Macron in crisis: Voters could turn on President in next election – Will he lose majority?


The parliamentary election decides who passes laws in France and the President is at risk of losing a majority in the National Assembly.

The first round has indicated that the President is losing support as voters are turning away from Mr Macron’s Ensemble coalition.

The result saw the left-wing coalition NUPES, led by Jean-Luc Mélenchon, emerge neck and neck with Macron’s presidential group with each group taking around 25 percent of votes.

It means the President is in trouble of not winning the 289 seats needed to form an outright majority in parliament.

What is going wrong for Macron?

The President has lost around four million votes between the presidential race in April and the first parliamentary election round last Sunday.

Turnout on Sunday was a historic low of 47.5 percent and around 9 percent of Macron voters in the presidential election first round turned to centre-right conservative party, Les Républicains, according to polls.

But Mr Macron’s biggest problem is the left with Mr Mélenchon looking to reign in the President’s ability to get things done.

The first round result will be a concern for the French President who has focused on the war in Ukraine in recent months.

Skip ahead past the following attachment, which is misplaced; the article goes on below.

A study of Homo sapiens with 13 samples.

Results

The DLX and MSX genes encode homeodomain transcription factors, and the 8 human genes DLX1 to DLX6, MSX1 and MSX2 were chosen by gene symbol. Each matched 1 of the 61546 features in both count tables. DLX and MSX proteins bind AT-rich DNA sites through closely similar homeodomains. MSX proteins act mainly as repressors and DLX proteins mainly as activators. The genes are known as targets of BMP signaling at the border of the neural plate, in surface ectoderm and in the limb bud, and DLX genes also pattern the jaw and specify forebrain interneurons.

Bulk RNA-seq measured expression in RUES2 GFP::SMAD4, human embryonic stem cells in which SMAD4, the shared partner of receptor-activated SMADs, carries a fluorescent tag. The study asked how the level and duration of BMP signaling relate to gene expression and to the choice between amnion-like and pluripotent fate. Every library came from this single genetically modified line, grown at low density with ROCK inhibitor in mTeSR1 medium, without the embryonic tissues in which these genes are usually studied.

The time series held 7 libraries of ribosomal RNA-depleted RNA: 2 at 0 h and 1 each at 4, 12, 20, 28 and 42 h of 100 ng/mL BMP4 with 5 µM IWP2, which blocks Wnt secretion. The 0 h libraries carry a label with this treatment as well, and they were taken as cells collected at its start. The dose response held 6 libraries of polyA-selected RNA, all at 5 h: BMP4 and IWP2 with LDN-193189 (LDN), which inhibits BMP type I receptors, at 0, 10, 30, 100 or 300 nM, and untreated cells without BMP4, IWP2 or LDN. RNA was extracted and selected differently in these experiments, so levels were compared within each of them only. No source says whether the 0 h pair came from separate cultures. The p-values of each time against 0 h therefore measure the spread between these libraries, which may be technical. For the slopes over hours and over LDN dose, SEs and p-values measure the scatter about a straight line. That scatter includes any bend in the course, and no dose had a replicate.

Mr Macron has been busy talking Russian President Vladimir Putin to back down and pull his troops out of Ukraine.

But it seems French voters are less worried about the conflict in eastern Europe and more troubled about day-to-day matters.

Like many countries around the world, France is going through a cost of living crisis and prices are on the rise.


An EU ban on Russian oil by the end of 2022 has also seen fuel costs jump up.

Russia supplies around 27 percent of the EU’s imported oil and 40 percent of its gas and the ban will hurt residents in the bloc.

Mr Macron has tried to act as a mediator between Ukraine and Russia and some believe he has forgotten about problems back in France.

What could happen next?

The second round of voting in France’s parliamentary elections on June 19 could determine the French President’s future in office.

Without a majority, Mr Macron will find it difficult to turn his election promises into reality and French politics could find itself in gridlock.

His victory in April’s presidential election means he has another five years in charge to put his vision into action.

But without support in parliament, he will find it difficult to get anything done without making major compromises.